You’ve seen it before. You’re standing at a choppy table, being ground down by the house when something magical happens. A new player steps up to the table and buys in. He stands tall, looks around, claps his hands and says, “Come on, guys. Let’s turn this table around.” Is this guy a house shill, you wonder? Or is he for real? And as soon as he gets the dice your questions is answered. Coincidence or confidence – the results are the same. Suddenly everybody is winning.
Confidence at the tables comes from many things. Let’s take a look at some of the biggies:
Experience. My buddy Scott would look at the player I mentioned above and say something like, “You can tell it’s not his first rodeo.” Perhaps the player’s experience has led him to the table. Has he been charting, looking for a particular entry key? Or is he a veteran precision shooter looking to get the dice for a quick hit and run? Whatever he has going for him – he exudes confidence.
Knowledge. You have to know the game from all angles and be just as knowledgeable as the supervisors running the game. From the moment our confident player stepped up to the table he took possession of it. It was his table – and he knew it. He also knew exactly what he wanted. Pass Line with maximum free odds. Dealers on the line with shoes. Place the six and eight for $60 each. Two-way parlay on the hard four and ten. He was in charge of the table and the dealers were working for him. And since they had tokes in action the energy of the game swung toward the players.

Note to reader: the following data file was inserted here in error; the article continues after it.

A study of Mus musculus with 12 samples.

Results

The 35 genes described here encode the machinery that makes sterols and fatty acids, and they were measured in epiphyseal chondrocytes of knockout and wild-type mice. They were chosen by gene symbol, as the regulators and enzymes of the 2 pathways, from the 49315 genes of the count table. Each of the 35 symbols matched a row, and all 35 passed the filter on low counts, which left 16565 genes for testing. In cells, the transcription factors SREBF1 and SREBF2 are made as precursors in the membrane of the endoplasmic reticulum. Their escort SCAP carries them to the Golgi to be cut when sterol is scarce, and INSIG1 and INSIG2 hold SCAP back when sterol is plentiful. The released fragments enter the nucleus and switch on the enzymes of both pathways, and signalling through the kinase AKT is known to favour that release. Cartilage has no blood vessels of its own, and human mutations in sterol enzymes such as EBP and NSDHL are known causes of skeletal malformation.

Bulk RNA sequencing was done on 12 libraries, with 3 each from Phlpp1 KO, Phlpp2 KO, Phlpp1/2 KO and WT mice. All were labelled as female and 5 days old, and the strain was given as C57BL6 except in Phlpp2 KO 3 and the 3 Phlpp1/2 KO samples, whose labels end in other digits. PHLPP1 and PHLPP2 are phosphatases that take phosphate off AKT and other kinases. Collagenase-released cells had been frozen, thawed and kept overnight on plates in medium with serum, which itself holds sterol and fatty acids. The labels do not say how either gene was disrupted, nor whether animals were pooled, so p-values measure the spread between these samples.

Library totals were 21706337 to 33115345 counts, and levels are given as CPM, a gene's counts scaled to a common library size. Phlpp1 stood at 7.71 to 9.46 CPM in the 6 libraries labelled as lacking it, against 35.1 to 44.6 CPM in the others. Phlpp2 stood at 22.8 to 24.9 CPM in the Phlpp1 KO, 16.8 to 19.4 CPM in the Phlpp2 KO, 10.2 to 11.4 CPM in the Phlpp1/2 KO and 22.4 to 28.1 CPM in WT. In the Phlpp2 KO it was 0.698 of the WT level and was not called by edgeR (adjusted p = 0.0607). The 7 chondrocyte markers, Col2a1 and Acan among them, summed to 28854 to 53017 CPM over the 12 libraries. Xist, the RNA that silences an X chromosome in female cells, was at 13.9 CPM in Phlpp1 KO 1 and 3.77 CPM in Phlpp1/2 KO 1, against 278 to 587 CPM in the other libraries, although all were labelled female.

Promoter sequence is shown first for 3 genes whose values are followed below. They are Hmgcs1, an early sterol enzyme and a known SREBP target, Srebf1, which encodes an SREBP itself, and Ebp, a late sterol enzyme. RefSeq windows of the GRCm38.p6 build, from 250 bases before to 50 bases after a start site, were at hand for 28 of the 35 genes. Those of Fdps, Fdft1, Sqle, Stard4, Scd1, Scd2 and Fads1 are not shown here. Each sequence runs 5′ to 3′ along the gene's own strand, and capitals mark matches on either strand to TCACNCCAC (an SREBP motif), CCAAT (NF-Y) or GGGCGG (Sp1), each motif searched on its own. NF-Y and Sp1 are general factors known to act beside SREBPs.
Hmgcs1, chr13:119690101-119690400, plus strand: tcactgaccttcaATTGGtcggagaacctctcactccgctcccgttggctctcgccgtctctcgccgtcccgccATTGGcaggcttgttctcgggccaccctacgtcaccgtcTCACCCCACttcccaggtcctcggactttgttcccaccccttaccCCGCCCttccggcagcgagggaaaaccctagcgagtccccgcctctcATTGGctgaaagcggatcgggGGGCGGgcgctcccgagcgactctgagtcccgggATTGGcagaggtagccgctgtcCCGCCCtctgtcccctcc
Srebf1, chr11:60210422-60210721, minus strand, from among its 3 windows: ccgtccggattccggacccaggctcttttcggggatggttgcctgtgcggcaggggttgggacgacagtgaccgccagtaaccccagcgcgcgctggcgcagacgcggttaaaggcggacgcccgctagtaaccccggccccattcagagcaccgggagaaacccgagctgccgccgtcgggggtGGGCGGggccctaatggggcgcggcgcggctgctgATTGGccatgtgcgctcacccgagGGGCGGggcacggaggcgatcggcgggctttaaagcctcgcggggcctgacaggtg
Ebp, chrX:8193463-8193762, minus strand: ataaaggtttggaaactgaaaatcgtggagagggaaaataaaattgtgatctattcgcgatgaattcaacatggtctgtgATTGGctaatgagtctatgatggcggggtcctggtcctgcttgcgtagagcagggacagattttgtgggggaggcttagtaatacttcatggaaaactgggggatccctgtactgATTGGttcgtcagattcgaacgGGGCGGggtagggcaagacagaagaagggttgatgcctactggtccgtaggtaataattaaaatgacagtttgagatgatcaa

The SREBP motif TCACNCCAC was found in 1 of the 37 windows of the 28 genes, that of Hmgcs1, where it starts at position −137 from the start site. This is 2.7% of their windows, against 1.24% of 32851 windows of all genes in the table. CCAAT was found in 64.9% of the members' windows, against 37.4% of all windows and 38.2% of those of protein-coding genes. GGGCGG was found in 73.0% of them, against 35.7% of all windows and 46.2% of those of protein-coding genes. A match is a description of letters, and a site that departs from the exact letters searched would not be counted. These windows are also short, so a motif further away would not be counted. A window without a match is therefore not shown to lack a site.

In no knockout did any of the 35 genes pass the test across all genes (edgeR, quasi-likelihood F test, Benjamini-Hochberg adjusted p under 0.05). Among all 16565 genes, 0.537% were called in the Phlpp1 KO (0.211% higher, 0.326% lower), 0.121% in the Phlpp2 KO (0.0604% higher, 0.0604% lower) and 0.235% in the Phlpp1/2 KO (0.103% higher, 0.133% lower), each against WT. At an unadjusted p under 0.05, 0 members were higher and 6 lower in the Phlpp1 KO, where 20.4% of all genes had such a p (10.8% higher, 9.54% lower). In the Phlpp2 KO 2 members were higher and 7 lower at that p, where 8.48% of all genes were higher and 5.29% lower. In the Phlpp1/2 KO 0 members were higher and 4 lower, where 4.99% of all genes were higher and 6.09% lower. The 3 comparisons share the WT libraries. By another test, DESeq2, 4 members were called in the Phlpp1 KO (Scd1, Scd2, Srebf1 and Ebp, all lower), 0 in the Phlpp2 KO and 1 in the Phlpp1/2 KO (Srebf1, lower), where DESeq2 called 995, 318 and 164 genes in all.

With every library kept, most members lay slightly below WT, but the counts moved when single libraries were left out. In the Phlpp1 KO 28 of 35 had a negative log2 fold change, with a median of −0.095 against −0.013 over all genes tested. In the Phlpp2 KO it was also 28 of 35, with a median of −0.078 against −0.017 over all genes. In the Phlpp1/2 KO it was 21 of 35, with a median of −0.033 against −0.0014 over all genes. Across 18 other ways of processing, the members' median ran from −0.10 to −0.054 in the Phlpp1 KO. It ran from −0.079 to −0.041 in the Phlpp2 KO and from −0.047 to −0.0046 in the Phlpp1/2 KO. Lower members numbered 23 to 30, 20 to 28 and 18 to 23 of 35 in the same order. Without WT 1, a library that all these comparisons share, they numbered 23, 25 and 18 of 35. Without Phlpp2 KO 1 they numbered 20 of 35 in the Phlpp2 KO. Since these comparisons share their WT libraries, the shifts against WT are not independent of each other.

Discipline. We’ve all seen players load up on bets, then try to press to table max without taking any money down. But our confident crapster was different. As he worked his bets he continually took money off the table. At the same time, though, his wagers increased as he pressed them up and out – eventually covering all the numbers. Then he made his first pass, collected on his line bets and odds, and brought the rest of his action down so he could lock up a profit before running his progressions again. And a half hour later – when he finally sevened out we heard, “Color coming in.” Our confident gambler got in – got it done – and got gone.
So what can you do to become a confident gambler? You should start by being a confident person. Stand tall. Look people in the eye when you speak to them. Feel good about yourself. Then make sure you know every aspect of the games you’re going to play. Approach the game with a plan. I refer to it as planning your play and playing your plan. Step up to the table with sufficient bankroll and exercise it wisely. Know exactly how you will handle any difficult situations that arise. And remember – hope is not a strategy. If that’s all you’ve got left then it’s time to exercise your discipline and say the magic words, “Take me down.”